Why Travel to Jordan?

Jordan was one of those places that really got me inspired to write, take pictures, andĀ generally scheme about how I would get everyone to fall in love with it too.

As someone who loves the Middle-East, it wasn’t a tough sell to be fair, but I am discerning to the point of pickiness, so Jordan still had to woo me. But woo me it did, from the first falafel to the last sage tea — this is one hell of a country, and remarkably, a complete hidden gem.

The reasons are too many to list! In fact, when I started writing this post I wanted to tell you why I have struggled so much to create any content on what I keep professing is my favourite place ever, but there really isn’t a reason that makes sense.

Simply put, I became a little overwhelmed by my love! Is that crazy? Basically, every time I sat down to write aa post, or even think of a title, I thought of hundreds….and became so overwhelmed that I gave up! Not my finest hour, but there you go, I’m doing it now so shush šŸ˜‰

Hence why I’ve gone for the easiest route in the world and given you a list. I know, I know, it’s a cop-out, but it’s what I want to say! I want to tell you why I keep rambling about Jordan on social media, and why I think you will love it too. Let me know what you think.

Traditional bedouin kettle perched at high point in Petra ruins

It’s Safe

Yes, it’s the middle-east, and YES okay, it’s completely surrounded by some seriously stressed out neighbours (Iraq, Syria, Egypt….) but I promiuse you that when you step off the plane, and into the warm embrace of the dry heat, you’ll realise pretty quickly that Jordan isn’t like the rest of the Arab world.

It exists in a quasi state of absolute peace, which means that it is totally safe to travel to.

A note on safety — if you are ever worried, check the FCO website and keep perspective. What happens in one are of the country probably won’t be happening elsewhere.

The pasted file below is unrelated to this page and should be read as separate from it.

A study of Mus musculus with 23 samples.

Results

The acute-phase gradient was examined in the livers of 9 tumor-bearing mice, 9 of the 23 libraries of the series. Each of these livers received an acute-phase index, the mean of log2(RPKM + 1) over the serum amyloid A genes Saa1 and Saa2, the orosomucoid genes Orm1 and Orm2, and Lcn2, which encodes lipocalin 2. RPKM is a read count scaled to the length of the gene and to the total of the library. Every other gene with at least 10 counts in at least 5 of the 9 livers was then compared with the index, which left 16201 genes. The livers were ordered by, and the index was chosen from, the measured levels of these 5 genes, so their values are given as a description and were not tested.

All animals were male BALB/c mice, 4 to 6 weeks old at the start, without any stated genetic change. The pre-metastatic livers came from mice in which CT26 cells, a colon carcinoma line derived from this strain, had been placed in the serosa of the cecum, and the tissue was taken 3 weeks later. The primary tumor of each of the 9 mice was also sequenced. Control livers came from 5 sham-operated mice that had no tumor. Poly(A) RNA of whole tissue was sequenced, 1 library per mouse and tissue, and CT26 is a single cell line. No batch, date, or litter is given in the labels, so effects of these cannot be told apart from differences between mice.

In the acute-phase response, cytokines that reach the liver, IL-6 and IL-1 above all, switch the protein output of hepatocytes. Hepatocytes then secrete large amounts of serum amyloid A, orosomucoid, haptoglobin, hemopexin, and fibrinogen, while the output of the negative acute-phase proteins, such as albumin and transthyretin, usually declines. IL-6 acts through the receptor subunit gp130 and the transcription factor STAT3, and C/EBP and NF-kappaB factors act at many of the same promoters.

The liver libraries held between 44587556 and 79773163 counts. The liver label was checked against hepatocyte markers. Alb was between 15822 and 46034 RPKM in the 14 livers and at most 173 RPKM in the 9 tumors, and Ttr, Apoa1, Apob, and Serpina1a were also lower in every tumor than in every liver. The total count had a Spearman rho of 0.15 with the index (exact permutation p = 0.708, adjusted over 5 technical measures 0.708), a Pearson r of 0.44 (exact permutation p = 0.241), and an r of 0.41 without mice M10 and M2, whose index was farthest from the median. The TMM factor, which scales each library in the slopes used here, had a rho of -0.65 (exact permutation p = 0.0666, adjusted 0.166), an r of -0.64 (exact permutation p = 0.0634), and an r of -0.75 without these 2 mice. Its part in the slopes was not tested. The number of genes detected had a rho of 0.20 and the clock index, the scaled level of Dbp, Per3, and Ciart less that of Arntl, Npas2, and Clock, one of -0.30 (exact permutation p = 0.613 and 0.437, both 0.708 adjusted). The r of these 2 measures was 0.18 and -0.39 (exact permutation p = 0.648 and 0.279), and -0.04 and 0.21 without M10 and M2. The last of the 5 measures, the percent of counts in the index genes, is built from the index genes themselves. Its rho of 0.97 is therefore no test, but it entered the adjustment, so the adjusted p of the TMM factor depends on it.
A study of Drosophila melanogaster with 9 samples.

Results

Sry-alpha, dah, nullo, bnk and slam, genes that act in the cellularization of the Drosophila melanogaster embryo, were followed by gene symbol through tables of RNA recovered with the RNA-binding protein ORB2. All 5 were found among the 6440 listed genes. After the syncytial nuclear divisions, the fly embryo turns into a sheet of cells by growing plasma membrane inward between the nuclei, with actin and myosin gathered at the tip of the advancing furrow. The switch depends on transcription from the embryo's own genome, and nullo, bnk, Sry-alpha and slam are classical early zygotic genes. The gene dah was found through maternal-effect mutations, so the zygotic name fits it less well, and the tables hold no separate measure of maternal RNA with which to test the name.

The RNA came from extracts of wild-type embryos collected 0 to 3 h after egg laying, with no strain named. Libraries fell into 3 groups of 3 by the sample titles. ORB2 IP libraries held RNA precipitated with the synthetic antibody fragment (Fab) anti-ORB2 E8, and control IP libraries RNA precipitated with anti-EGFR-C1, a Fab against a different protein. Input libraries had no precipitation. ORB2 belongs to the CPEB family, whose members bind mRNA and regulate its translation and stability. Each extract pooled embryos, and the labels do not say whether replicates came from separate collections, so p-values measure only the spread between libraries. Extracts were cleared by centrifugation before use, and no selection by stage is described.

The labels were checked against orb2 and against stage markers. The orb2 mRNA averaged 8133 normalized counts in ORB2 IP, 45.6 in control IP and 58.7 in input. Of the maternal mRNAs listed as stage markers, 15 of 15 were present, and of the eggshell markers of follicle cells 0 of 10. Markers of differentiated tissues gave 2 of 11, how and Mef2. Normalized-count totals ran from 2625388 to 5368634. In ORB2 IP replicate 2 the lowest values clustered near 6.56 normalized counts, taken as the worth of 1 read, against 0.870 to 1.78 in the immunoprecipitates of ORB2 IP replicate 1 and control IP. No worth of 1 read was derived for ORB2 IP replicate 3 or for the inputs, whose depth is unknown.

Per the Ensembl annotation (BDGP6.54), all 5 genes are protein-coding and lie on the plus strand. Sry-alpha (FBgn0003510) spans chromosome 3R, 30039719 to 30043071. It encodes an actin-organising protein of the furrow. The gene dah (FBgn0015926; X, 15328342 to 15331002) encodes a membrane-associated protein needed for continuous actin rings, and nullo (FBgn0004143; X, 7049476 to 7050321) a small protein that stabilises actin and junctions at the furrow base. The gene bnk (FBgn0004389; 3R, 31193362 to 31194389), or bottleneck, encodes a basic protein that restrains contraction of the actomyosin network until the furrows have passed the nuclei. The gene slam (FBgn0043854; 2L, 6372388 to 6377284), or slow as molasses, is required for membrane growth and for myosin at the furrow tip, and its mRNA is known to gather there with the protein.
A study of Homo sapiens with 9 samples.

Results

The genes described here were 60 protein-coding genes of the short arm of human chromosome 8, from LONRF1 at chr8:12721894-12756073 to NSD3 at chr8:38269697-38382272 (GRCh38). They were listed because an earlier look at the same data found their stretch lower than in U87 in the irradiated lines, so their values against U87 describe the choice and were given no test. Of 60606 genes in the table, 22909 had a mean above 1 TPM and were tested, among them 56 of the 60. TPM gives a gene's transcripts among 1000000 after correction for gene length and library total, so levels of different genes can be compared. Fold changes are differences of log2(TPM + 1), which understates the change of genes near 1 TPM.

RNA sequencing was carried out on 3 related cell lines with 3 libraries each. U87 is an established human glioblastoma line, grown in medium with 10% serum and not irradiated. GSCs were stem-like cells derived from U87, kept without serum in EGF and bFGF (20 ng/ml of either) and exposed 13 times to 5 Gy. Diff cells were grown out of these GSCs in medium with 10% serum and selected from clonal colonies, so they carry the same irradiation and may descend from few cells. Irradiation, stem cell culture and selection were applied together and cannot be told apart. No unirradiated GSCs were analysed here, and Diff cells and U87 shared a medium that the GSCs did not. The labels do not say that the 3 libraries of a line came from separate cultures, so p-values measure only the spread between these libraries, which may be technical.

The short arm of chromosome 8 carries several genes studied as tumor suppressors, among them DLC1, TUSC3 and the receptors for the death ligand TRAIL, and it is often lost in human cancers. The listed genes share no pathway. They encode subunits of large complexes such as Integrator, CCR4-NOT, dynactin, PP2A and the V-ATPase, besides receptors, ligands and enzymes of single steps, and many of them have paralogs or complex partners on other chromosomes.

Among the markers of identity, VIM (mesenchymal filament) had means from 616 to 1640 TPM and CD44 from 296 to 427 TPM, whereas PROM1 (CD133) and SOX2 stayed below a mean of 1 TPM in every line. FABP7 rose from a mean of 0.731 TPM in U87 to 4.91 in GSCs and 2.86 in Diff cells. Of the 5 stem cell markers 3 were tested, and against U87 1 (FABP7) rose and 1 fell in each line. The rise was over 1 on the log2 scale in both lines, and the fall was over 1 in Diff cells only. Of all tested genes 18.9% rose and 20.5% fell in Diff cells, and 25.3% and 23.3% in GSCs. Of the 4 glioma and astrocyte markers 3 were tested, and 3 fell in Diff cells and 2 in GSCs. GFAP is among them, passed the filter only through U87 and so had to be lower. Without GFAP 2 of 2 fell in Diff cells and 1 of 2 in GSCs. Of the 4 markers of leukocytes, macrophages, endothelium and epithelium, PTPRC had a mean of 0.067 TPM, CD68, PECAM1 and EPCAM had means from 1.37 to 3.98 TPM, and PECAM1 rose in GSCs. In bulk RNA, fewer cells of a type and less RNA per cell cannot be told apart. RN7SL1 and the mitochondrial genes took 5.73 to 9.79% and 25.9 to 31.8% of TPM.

Arabic Jordanian food, tabbouleh, rice, bedouin food

The Food Is Amazing

The food is AAAAAHHHHHHMAZING. I can’t even describe just how dreamy every plate of Jordanian food was. From fresh falafel, houmous, labneh and a farmers salad for Ā£2, to the divine three course meal we learned how to cook, then devouredĀ at Beit Sitti, we didn’t have a bad meal. one of our highlights was the meal our Bedouin guide Eid knocked up for us in Wadi Rum.

After a three hour trek, we settled down for lunch. Expecting nothing more than flatbread, fruit andĀ soft cheese, we were ridiculously surprised when, after Eid casually prepped the mealĀ in the back of his four wheel drive he whipped out some pots and pans and cooked us a delicious mealĀ on the fire he started himself! LAD!

Anyway, I promise that you will NOT have a bad meal in Jordan. From hot, sweet sage tea to cumin spiced Mansaf (slow cooked lamb with rice) to the oh so delicious Basbousa (my childhood favourite dessert!) you won’t be left hungry. In fact, it’s the Middle-East, so your hosts wouldn’t dare leave you hungry!

sporty girl sat on rock after hike view of Wadi Rum desert, Jordan

There Are So Many Activities

My husband is an activity fiend, and I am realising that I am too. It baffles me how many activities Jordan fits in, but somehow it does and we found that almost every destination had something outdoorsy to get involved with.

From trekking in Wadi Rum, to floating in the Dead Sea, no activity stone is left unturned in Jordan. There was so much to do, that it posed a little conundrum when it came to packing, hence why I wrote this post.
bedouin guide on sand dune in Wadi Rum, Jordan

It’s Easy

We hired a car and drove everywhere, which contrary to most Arabic countries, was a cinch. Well, everywhere except Amman that is, which is a maze! But wherever you go, someone will be there to help you out, and because of that, we genuinely found the whole trip to be one of the easiest to plan prior to arriving, and simple to travel when we got there.

grumpy camel sat down in petra ruins, jordan

There’sĀ Nothing Like ArabicĀ Hospitality

As the daughter of an Egyptian, who’s been brought up in an extended Arabic family, I am all too knowledgeable of how the culture works. People are friendly, and hospitality is of the utmost importance to any Arabic person.

Put your prejudice aside, be trustworthy and accept the offer of tea, directions, or just a friendly chat because it is all well meaning andĀ it’ll enhance you trip no end.